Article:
Environmentalism, long consigned to the sidelines, is about to move onto center stage as the hottest button in our politics. And politicians had better start adjusting to the change.
The increased saliency of the green issue stems from three concurrent trends:
• The rising price of gasoline, oil and home heating fuel makes it evident to every American — except for some who work for the White House — that we have to get serious about alternatives to oil-based fuels at home and in our cars.
• The global focus on terrorism and the resistance of terrorist groups to our efforts at detection and suppression make it obvious that the only viable long-term strategy for fighting terrorism is to stop buying the oil that provides them with the money they need for their mayhem.
• Hurricanes like Katrina and Rita make it obvious that the global climate is changing and lend credibility to those who call for steps to reverse man-made warming trends. With 40 percent of Americans, in a recent national poll, blaming hurricanes on global warming and Time magazine featuring the linkage on its cover, the Kyoto issue is going to rise in importance.
This coalition of consumers, patriots and greens is the new political movement that will begin reshaping American politics. Voters are not going to buy the standard Republican solutions to the environment and energy problems of more exploration, drilling and production of oil and opening up of offshore and Arctic lands to oil companies.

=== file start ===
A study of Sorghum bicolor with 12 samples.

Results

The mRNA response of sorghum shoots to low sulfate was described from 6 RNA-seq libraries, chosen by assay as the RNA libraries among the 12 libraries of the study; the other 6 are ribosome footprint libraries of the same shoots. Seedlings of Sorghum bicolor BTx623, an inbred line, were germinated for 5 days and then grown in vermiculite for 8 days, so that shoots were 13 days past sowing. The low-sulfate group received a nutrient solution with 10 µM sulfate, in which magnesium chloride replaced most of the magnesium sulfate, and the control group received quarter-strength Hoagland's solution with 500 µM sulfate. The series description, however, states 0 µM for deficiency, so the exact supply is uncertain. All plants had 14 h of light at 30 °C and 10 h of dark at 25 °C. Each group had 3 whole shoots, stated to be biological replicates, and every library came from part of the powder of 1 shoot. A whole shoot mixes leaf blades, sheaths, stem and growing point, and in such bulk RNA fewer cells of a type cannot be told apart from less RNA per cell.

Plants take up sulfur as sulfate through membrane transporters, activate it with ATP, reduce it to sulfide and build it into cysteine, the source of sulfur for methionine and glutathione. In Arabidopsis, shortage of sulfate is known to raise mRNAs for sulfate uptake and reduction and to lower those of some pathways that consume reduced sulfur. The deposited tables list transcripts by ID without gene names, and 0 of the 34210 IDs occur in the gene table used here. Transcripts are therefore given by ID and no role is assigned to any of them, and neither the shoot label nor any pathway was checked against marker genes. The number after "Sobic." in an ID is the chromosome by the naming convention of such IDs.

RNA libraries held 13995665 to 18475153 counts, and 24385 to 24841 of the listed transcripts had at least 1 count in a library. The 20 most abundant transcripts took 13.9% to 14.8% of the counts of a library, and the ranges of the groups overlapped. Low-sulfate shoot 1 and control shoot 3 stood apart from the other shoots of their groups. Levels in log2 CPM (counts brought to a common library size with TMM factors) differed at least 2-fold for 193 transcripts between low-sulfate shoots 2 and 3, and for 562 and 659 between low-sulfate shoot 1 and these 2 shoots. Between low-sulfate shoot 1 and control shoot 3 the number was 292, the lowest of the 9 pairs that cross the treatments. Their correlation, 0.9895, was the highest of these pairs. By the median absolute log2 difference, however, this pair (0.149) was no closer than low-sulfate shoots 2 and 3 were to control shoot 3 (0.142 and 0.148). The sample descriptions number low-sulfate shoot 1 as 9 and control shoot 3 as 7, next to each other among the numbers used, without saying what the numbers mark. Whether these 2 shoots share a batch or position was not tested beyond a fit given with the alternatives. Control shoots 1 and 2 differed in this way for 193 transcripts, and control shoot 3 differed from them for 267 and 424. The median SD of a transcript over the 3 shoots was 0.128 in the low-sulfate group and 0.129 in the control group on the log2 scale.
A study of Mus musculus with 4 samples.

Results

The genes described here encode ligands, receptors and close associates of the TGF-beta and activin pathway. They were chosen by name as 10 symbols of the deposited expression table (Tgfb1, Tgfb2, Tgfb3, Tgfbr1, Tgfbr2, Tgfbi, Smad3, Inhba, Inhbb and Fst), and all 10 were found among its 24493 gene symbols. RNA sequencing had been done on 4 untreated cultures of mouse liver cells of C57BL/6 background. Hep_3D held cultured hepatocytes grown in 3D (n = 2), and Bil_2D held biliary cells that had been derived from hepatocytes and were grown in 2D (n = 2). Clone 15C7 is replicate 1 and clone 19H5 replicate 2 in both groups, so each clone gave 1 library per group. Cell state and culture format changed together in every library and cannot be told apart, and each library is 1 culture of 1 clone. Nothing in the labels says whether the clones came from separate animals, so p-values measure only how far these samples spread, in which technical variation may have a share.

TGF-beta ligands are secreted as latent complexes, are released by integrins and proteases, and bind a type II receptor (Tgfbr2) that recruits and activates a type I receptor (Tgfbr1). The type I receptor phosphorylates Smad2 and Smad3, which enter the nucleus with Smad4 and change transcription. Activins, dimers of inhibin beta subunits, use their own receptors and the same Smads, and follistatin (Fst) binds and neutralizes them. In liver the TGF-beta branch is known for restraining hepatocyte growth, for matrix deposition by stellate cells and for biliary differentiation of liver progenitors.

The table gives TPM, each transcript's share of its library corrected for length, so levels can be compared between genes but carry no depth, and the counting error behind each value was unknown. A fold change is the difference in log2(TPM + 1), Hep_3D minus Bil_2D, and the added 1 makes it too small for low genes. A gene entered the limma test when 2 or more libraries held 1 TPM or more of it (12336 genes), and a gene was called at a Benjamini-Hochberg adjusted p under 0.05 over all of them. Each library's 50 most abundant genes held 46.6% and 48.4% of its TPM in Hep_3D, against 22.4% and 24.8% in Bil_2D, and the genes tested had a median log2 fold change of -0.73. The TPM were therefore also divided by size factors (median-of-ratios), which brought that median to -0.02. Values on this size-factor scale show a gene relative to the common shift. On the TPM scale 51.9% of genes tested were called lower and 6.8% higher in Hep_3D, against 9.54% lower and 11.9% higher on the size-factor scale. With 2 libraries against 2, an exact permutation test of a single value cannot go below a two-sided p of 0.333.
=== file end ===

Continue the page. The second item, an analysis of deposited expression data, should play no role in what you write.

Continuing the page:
People realize that the key is to stem the addiction by converting to alternative fuels rather than to temporize by seeking new oil fields. And they get that even if we find more oil we will still find ourselves slowly destroying our planet and rather quickly energizing hurricanes and other weather catastrophes.
Bush is far, far behind on this issue and, with his oil company background, seems incapable of responding to the new environmentalism and the revised priorities it is bringing with it. Democrats are scrambling to embrace global warming as an issue but are woefully short of solutions. They revel in a recitation of the problem instead. Other than California’s Gov. Arnold Schwarzenegger (R), nobody has staked out the need to switch to hydrogen, wind, biofuels and solar energy as alternatives to oil dependency.
The issue of new energy sources and national conversion is truly the fumbled football on the 50-yard line of our politics, accessible to either party, depending on which has the wisdom, foresight and audacity to recover the ball and score with it.
Al GoreAl GoreObamas sign with agency for speaking gigs Pence to attend Super Bowl: report The war against science MORE, who has always led on this issue, may want to reconsider his retirement now that America is finally ready to hear what he has to say. Sen Hillary Rodham Clinton (D-N.Y.) should think about focusing on environmental and energy issues rather than devoting her rhetoric to targets of partisan opportunity that present themselves.
But mostly it is the president who has a capacity to lead on this issue. Converting from oil is truly the issue that could dominate his second term and give him an agenda with which to control events, which he sadly seems to lack. All he needs to do is to pay attention to what is happening around him to grasp the importance of a fundamental approach to switching away from oil.
But if his response to rising gasoline prices is a laissez-faire shrug and his attitude toward increased home heating oil charges is a band-aid subsidy, he will miss a chance for leadership and abandon his best shot to leave this nation a much better place than he found it.
It took a catastrophe to awaken Americans to the energy/environment issue. But Sept. 11, the doubling of energy prices and the storms in the Gulf of Mexico have catalyzed a focus that would have been impossible in normal times. It is just up to the politicians of either party of get the message and provide leadership.
Morris is the author of Rewriting History, a rebuttal of Sen. Hillary Rodham Clinton’s (D-N.Y.) memoir, Living History.